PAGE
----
Welcome! Here are some tips for using this forum.
10 PSI versus Maid-O'-Mist
I'm considering a high-pressure blowdown this spring of the 52-year-old Weil McLain E-9 that came with the house. Idea is to clean out much of the junk accumulated at the bottom of the vessel. Is certain it has never been done before.
I would prefer to flush it out with a wand, but along with several other errors whoever installed it ran the Hartford loop piping directly in front of the skim port. So unless I want to dismantle this piping (which I don't), wand cleaning through the skim-port appears improbable.
In addition the boiler has been successfully cleaned with TSP and is running with 80 ppm phosphate from TSP-as-an-additive, has very clean water and dry steam, and so I have no compelling reason to risk problems by opening the ancient skim-port-plug.
The same said installers of course did not install a king-valve.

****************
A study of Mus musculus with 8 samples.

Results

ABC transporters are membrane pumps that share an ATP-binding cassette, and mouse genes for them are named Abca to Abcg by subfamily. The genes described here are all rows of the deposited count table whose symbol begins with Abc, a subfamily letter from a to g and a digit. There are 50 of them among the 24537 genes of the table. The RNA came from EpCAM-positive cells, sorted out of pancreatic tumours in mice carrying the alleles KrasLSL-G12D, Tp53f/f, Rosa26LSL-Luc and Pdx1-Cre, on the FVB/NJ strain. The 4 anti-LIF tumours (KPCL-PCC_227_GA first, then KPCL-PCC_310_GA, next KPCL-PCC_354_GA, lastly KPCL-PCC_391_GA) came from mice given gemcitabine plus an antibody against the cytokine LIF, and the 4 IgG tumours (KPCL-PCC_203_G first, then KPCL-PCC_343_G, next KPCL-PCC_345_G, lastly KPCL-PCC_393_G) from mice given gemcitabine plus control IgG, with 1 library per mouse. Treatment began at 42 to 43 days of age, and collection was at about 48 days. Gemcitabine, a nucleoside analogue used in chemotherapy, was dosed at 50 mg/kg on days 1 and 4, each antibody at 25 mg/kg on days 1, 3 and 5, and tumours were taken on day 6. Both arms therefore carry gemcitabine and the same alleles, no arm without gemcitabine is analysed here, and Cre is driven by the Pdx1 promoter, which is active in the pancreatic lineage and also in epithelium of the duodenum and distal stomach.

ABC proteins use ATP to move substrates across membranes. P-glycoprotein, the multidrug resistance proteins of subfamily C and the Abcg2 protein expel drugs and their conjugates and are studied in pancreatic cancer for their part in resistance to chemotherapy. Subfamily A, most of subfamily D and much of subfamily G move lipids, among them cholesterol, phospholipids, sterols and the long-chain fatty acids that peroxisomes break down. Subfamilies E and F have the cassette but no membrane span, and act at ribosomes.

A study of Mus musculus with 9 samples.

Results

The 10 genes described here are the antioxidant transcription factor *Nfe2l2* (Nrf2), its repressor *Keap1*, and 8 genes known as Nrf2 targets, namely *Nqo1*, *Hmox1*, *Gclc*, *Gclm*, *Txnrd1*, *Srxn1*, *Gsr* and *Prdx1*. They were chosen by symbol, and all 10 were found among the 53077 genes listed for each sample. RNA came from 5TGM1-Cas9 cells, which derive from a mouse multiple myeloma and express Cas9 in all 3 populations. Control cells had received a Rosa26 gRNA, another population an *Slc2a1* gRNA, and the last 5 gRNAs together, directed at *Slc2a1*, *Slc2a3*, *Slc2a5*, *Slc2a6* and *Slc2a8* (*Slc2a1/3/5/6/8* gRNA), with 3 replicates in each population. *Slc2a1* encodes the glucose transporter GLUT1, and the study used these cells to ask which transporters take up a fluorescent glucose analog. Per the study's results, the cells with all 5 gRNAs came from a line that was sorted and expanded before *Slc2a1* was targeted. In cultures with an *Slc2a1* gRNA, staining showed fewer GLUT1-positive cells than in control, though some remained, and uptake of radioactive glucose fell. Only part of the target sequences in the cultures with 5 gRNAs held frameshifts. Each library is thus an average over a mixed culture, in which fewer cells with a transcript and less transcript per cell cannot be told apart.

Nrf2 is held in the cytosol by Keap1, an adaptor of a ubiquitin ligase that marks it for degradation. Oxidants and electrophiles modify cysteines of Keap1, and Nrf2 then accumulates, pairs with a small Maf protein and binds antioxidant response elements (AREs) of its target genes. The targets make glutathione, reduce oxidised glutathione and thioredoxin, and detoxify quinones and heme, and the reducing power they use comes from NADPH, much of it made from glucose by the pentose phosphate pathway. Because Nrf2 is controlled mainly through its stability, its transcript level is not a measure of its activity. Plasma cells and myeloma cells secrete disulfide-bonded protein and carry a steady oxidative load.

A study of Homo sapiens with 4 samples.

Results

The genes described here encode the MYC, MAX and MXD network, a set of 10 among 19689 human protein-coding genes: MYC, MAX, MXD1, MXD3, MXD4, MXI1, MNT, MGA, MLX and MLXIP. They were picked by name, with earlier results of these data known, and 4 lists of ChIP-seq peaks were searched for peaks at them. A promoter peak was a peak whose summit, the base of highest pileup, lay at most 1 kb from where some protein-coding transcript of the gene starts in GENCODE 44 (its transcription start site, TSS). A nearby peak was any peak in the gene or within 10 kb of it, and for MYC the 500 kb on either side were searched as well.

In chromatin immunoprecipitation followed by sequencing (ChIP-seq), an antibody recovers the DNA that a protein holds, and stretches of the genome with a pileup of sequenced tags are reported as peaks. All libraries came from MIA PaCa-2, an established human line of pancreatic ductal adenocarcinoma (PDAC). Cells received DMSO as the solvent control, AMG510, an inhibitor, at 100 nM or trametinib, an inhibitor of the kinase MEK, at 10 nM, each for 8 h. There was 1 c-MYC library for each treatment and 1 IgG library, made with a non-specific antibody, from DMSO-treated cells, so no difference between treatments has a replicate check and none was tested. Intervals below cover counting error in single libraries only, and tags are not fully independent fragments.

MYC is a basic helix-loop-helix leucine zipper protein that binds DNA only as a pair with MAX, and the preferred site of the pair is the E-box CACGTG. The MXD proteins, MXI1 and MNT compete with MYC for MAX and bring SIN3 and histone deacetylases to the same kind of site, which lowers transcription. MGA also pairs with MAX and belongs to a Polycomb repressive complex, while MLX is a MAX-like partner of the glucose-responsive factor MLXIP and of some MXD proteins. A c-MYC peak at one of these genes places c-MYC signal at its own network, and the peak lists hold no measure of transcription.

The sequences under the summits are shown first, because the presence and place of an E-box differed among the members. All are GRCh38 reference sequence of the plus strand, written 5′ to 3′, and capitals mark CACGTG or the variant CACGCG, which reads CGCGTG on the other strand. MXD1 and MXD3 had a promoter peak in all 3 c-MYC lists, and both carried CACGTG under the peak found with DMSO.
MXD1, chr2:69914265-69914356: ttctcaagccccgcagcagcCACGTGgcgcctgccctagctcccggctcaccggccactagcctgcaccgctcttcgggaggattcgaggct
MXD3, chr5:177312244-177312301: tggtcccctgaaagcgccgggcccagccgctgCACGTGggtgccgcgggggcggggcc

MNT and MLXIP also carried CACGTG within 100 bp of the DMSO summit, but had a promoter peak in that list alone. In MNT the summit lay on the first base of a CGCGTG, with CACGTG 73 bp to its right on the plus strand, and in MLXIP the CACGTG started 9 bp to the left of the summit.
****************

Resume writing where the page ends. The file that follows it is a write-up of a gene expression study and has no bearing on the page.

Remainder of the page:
I haven't been able to find maximum pressure information for Maid-O'-Mist Jacobus vents, so I'm wondering if anyone can comment on whether the assortment of new Jacobus vents are likely to be damaged by the 10 PSI generally suggested for high-pressure cleaning blowdowns.
Perhaps worth mentioning that the system was running at 4 psi every cycle with the old Pressuretrol set for 2-in 4-out when I first arrived. However the new vents were not installed until after the pressure was reduced.
Also have one each of a Gorton #2 and Hoffman 75 main vent, and one Gorton #4 radiator vent installed. And a Matco-Norca AVA-125 that I would enjoy putting out of it's misery.
I suppose I could close all the radiator valves.
Another idea is to take a risk and remove the entire cover plate that hosts the skim-port and then clean with a wand. This might not be so risky as it sounds because all the bolts have been replaced recently. Probably the gasket failed and it started leaking so it was necessary maintenance. Touching it again seems far less scary than if the bolts were original--but I could be wrong about that. No experience in this area.